Estimation Metabolic Status in High Yielding Dairy Cows During Transition Period and Full Lactation

Radojica Djokovic, Marko Cincovic, Zoran Ilic, Vladimir Kurcubic, Biljana Andjelic, Milos Petrovic, Nebojsa Lalic, Boban Jasovic


Background: Major changes in the metabolic functions in high-yielding dairy cows occur during the transitional period and during lactation. Parturition and lactogenesis are accompanied by many physiological changes that facilitate the maintenance of homeostasis Consequently, physiological situations leading to a negative energy balance are coupled to an increased uncontrolled rate of body fat mobilisation and the increased fatty acids accumulation in hepatocytes and blood ketone bodies, resulting in disturbances of the morphological and physiological liver integrity. The objective of the present study was to estimate metabolic status in late pregnant, early lactation and full lactation Holstein dairy cows on the basis changes of blood concentrations of selected biochemical markers.

Materials, Methods & Results: The experiment included 36 Holstein cows. Three groups of clinically healthy cows were chosen from the herd. Group 1 consisted of late pregnant cows (n = 12) from 30 to 1 day (20 ± 15) to partus; Group 2 comprised early lactation cows (n = 12) in the first month of lactation (15 ± 12 days), and Group 3 included full lactation cows (n = 12) between 60 to 90 days of lactation (81 ± 30 days). Blood samples were collected from all cows, by  punction of the jugular vein. Biochemical testing for markers in the blood serum showed significantly lower values (P < 0.05) of glucose, TG, Tchol. and urea in early cows than in full lactation and late-pregnant cows. The blood concentration of NEFA and BHB  was significantly increased (P < 0.05) in the group of cows in early lactation compared to the other groups of cows. The mean tBIL. concentration and the serum AST, GGT and ALT  activities were markedly increased (P < 0.01) in the lactation cows compared to the late pregnant cows. Furthermore, the intensity of lipomobilisation (NEFA or BHB concentrations) correlated positively (P < 0.05) with the markers of cell damage or liver function impairment (tBIL., serum AST, ALT and GGT activities), but negatively (P < 0.05) with the circulating concentrations of compounds synthesised in liver (glucose, TG and urea).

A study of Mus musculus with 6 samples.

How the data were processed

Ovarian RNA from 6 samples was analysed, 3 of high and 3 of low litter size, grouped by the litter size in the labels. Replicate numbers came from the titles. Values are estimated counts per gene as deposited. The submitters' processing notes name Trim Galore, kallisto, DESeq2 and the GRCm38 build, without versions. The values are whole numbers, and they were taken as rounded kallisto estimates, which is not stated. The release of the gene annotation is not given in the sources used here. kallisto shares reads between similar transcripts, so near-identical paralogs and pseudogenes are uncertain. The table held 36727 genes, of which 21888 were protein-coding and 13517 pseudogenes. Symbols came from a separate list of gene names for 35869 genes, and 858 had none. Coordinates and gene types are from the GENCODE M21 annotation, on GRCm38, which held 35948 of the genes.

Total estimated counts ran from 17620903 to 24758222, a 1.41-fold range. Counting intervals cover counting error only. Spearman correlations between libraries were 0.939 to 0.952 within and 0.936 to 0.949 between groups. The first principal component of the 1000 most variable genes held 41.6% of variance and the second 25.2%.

Discussion: In dairy cows, it was observed that up to 50 % of females exhibited some lipid accumulation in liver in the first 3 weeks after calving and that fatty liver occurs primarily in this period.  Liver can be categorized into mild, moderate and severe fatty liver as dependent on the degree of pathology and a mild fatty infiltration of liver in dairy cows during lactation is considered to be almost physiological. The blood BHB and NEFA concentrations are markers of lipomobilisation and positively associated with the ketosis and liver steatosis intensity. The simultaneous and parallel variations observed between the extent of the fat infiltration in liver and the serum BHB and NEFA concentrations in puerperal cows clearly indicated that the intense lipomobilisation in the post-partum period has induced lipid overloading and ketogenesis in the liver. On the other hand, it was observed significant decreases in the serum biochemical markers, at least partially synthesised in the liver, such as glucose, TG, Tchol., urea, albumin and TP during the postpartum period. However, the liver steatosis has induced some cellular lesions as evidenced by significant increases in the serum tBIL. concentrations and in the AST, ALT, GGT and LDH enzyme activities in puerperal cows. All these biochemical metabolites may be used as important biochemical markers in the determination of the metabolic status in high-yielding dairy cows during the transition period and during lactation.